Tom and Betsey Smith recall years on Adak Island 2008.11.19

Written by David Green.

By DAVID GREEN

Tom Smith knew what he was getting into when he accepted a U.S. Navy assignment to Alaska’s desolate Adak Island in 1975.

“I reënlisted to go to Adak,” he said. “That was my incentive.”adak.overview.jpg

And once he got there, it was hard to leave. He signed up for an 18-month tour, but that turned out to be just the beginning.

Within three months he was joined by his wife, Betsey, and their two daughters, Michelle, three years old, and Monica, six months old.

“After we were there, we liked it so much we ended up staying six years,” Tom said.

The island of Adak lies far out among the Aleutian Islands, 1,200 miles southwest of Anchorage. It’s both the southernmost community in Alaska and the westernmost in the United States.

Tom had talked to other Navy enlistees about life on the island, and that’s what helped him make the decision.

“We had a pretty good idea of what we were getting into,” he said.

At the time, Adak offered the best of both worlds to a Navy man. On the one hand, families could come along and take advantage of the amenities of the base: swimming, bowling, skiing, racquetball, a movie theatre, etc.

Step off the base and outdoors people had the wilds of Alaska—devoid of bears. Tom fished for salmon and halibut and he hunted caribou and ptarmigan.

“If you liked the night life, you wouldn’t have liked Adak,” Betsey said.

But if you enjoyed nature, the beauty of the island drew you in.

“We loved it,” she said.

The Smiths lived on Adak when the population exceeded 5,000. Most of the residents were in the military, although there was a small population of native people.

Some of the native Alaskans lived on smaller, nearby islands in the summers and brought their children to school during the winter months.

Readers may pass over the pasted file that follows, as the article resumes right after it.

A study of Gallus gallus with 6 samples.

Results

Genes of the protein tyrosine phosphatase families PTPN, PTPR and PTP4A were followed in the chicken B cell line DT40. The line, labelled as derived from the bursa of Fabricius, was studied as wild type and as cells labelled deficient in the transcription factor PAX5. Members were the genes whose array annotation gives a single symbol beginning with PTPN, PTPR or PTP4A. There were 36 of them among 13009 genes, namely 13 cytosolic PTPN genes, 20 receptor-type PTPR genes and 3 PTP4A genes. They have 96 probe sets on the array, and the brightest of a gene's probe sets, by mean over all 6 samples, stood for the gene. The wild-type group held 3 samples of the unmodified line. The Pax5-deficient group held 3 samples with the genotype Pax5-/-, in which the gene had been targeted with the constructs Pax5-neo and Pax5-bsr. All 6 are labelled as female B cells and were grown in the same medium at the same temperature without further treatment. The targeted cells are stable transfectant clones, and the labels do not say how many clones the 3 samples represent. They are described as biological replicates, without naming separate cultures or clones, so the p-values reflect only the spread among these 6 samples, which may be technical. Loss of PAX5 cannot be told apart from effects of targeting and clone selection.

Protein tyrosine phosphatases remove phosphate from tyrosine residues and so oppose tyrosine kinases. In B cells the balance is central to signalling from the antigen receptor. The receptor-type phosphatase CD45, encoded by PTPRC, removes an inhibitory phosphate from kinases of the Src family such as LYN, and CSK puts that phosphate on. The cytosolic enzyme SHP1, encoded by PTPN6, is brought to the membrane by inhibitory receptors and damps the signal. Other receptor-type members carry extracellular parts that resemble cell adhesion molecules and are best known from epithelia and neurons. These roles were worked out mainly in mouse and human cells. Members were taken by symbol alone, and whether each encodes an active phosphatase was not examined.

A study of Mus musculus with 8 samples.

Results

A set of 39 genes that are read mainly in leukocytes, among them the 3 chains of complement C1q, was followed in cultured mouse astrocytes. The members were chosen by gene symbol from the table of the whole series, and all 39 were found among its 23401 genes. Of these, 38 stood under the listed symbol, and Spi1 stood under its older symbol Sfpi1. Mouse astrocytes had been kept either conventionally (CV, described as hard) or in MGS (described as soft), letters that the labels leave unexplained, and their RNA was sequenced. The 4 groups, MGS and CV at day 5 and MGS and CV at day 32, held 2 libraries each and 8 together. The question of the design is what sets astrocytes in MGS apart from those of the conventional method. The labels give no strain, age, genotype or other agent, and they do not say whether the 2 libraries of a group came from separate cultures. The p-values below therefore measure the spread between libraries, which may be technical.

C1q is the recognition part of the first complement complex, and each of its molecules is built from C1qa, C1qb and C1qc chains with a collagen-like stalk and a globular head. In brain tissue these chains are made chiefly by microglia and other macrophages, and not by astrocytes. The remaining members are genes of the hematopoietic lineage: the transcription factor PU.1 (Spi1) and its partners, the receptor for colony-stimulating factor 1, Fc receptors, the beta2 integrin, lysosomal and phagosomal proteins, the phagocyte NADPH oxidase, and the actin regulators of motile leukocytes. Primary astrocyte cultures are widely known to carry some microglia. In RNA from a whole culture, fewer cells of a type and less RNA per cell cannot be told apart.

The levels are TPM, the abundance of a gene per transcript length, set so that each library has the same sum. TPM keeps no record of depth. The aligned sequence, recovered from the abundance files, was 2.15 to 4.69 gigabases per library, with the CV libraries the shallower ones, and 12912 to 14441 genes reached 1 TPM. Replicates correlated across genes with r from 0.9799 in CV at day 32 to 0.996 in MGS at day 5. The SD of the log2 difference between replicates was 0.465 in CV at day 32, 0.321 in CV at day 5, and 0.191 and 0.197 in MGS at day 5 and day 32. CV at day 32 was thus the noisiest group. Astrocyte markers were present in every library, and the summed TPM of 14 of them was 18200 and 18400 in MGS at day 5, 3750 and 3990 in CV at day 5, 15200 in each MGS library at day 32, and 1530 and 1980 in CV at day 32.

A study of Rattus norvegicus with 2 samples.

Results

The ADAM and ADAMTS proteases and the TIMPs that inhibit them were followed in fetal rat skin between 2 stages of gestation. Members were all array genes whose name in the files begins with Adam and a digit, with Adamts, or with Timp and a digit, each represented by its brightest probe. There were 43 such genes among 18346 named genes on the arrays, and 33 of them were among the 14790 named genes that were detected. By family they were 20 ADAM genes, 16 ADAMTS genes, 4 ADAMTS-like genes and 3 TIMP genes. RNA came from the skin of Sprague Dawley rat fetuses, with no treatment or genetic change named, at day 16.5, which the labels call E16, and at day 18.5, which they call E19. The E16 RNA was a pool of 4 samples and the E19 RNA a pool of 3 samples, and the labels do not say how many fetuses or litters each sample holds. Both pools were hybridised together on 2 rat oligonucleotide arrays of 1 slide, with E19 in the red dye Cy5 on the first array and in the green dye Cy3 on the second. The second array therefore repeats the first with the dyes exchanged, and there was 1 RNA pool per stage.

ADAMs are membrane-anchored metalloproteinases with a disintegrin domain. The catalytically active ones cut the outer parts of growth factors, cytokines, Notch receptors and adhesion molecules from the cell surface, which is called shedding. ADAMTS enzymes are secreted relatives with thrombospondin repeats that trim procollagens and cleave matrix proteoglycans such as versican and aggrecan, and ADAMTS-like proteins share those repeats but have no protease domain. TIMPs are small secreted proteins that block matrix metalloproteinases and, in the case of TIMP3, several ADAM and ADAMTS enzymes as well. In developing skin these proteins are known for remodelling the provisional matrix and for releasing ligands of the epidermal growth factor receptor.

Betsey used her teaching certificate to teach a fourth grade class. Tom worked as an electronics technician. The Naval base was chiefly used as a submarine surveillance post during the Cold War, to keep track of Russian naval vessels.

Adak’s climate doesn’t fit into the usual conception of Alaska. The Japanese Current prevents weather extremes.

Winter temperatures seldom fell below 20°, but 100 mile per hour squalls presented some miserable wind chills.

“There were whiteouts where you couldn’t see six feet in front of you,” Tom said. “Then a couple of days later it might rain and all the snow would disappear in the lower elevations.”

Foggy summers stayed in a chilly 60° range and annual precipitation is about double that of southern Michigan.

The island also avoids the extremes of darkness and lightness.

“It’s far enough south that it never got completely dark in the day nor light all night,” Tom said.

Adak is actually about parallel to Vancouver Island—not too much farther north than Seattle.

The Smiths’ experiences on Adak will never be lived again. Downsizing of the base began in 1994 as the Cold War ended and it was officially closed in 1997.

The Navy’s assets were sold to the Aleut Corporation and most of the facilities were closed. Today, fewer than 400 people live in the community.

Tom is glad he was part of the former era.

“We thoroughly enjoyed it,” he said.

Adak provided a rich experience for the Smith family that can’t be equalled today.